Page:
From Angry Birds to educational programs that test technical know how – gaming has infiltrated not only our ipads, but also our offices. The banking industry is no exception. Over recent years a new era has dawned that presents both new and complex challenges. To tackle these, it is imperative that key personnel acquire sharper management skills so that they are ready to act strategically in any given situation.
For over three decades, Dr. Neil Seitz has been pioneering simulation games for the banking industry. His commercial career began in the 1980’s when he was asked to develop a bespoke training tool for a major bank, which helped executives manage interest rate risk in response to fluctuating market conditions. His first simulation morphed into a suite of products focused on numerous facets of consumer banking, including foreign exchange rate risk, loan portfolio management, credit scoring, fraud, and collections management.
“It isn’t that I try to use a simulation for everything I want to teach—it’s that there are many things more effectively taught through simulation than from other techniques.”
~ Dr. Neil Seitz
Dr Seitz quickly realized that although simulation alone couldn’t replace all other forms of training, it had the potential to be one of the most important tools in the educational toolbox. As he explains, “It isn’t that I try to use a simulation for everything I want to teach—it’s that there are many things more effectively taught through simulation than from other techniques.”
Angry Birds for Bankers?
Although Seitz’s simulations cannot yet be placed into the addictive arena of Angry Birds, competitiveness is a key component. Players focus their attention on achieving a universal goal: maximizing profitability. Players operate in their own identical marketplace in which they have to make decisions with the standard environmental uncertainties found in the real world. Despite it being a simulated game, the charts and reports that the player is exposed to essentially the same as those that would hit the desks of bank managers and executives.
How do you Calibrate Theory with Reality?
Having earned his Ph.D. in finance, Dr Seitz is careful to ground each game in formal theory, “If the theories I teach my students can’t be put into these games, then the theory isn’t going to have any relevance”. For example, “Demand theory tells me that raising the interest rate 1 percent would fall, but theory does not tell me how much it will fall. ” Seitz turns to senior industry executives for their valuable insight, so that the theory can be calibrated with reality.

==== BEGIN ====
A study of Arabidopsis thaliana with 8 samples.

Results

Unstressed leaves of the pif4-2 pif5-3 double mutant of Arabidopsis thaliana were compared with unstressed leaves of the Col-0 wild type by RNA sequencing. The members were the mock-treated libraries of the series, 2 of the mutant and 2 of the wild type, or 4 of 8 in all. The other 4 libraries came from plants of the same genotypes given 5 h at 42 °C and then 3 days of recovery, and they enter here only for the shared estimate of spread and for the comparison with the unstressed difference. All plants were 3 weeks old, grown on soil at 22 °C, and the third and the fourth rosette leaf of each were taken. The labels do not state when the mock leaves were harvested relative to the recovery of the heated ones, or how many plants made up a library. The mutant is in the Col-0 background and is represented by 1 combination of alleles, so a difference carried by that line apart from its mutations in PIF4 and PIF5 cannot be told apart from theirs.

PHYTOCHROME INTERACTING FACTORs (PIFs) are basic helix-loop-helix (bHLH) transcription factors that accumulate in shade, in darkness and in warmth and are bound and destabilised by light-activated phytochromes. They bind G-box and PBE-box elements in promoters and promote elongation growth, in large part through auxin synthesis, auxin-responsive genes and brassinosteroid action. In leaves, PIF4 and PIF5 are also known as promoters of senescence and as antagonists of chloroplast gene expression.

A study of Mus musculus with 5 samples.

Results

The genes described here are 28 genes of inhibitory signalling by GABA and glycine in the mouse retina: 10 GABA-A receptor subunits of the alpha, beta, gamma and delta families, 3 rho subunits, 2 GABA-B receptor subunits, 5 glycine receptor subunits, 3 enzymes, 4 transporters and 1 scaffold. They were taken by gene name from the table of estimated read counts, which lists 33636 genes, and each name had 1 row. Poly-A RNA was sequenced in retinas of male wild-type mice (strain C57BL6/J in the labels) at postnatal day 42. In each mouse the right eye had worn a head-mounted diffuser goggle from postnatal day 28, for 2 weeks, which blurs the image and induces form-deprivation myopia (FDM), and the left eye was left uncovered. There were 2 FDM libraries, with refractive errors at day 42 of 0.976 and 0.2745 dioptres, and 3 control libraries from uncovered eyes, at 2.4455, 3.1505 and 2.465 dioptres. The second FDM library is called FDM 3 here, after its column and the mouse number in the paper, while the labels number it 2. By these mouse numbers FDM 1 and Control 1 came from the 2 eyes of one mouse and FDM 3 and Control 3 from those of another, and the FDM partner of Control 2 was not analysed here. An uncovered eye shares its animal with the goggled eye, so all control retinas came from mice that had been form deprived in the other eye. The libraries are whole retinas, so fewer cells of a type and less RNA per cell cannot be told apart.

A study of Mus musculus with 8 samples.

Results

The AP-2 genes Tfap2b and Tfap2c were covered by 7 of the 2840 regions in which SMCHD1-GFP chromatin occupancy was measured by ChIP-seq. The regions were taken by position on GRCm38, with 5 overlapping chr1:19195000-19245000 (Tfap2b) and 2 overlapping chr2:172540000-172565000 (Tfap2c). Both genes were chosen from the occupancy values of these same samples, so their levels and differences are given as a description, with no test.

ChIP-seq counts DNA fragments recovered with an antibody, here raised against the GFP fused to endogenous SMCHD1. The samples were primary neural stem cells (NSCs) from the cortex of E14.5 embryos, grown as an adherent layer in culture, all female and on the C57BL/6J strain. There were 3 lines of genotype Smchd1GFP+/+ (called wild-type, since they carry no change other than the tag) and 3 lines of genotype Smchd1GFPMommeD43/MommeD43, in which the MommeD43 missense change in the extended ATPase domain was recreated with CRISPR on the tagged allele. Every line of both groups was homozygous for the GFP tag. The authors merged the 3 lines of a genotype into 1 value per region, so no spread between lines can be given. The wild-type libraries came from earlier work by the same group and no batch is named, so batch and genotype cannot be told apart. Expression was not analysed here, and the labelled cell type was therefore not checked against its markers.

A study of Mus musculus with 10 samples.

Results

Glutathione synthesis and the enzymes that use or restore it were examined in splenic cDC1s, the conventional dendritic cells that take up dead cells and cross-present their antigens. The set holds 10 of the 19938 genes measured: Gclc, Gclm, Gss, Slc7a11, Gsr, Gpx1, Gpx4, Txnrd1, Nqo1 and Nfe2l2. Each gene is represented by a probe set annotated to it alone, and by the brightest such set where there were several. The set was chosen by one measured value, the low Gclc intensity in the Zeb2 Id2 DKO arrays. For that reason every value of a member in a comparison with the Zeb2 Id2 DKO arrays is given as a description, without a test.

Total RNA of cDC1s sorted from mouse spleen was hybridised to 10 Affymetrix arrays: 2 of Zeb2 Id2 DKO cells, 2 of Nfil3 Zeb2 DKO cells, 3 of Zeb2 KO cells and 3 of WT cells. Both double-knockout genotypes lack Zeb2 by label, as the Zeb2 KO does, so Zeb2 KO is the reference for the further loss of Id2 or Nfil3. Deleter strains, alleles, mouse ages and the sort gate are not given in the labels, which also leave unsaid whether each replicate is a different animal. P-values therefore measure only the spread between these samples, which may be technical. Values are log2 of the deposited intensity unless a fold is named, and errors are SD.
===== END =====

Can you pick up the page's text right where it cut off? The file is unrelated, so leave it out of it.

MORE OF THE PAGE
What is the secret to successful simulation?
Simplicity. For Seitz, a simulation has to be complex enough in terms of the variables to provide a realistic context, yet simple enough so that the players can clearly identify the relationship between their actions and an outcome. Only by keeping this careful balance between capturing the essence of the situation without becoming lost in unnecessary detail, can optimal learning be accomplished.
Dr Seitz compares the games he creates with flight simulators, “With a stick that moves in four directions, the player can fly the airplane to anywhere on earth and respond to an infinite variety of environment changes. If a flight simulator has 150 different buttons to push and 40 different levers to pull, the student will not have the slightest idea how her actions affected the outcome. …The number one reason for failure in a game is that you did an excellent job of catching every variable that might have the minutest impact, but by doing so lost focus on those that are key. …The secret of successful simulation design is elegant simplicity.”
What does the future hold?
Having observed the fallout from the global economic crisis, Dr Seitz has turned his ambitions to developing a simulation that better equips executives to deal with worst-case scenarios. Observing students play his games, Dr. Seitz noticed a broader story being played out in the confines of the classroom. He observed that, “The team that’s in first place continues to make very rational decisions. The team that’s fallen into last place begins to make irrational decisions. They lose the ability to focus and figure out what to do.”
This is another area where Dr Seitz predicts that simulations could really come into their own; by placing participants into “simulated meltdowns” they can test their mettle and learn from their own experiences.
With careful development, gaming could really begin to pave the way to a brighter future. If simulations continue to successfully meet demands, they could well reach their potential of becoming an irreplaceable training component; playing a key role in safeguarding the fortunes of the banking industry, today.
In 2012, Dr. Seitz teamed up with BankersLab to build out a robust Web Application platform which has evolved into a sophisticated suite of simulations. The rest is history!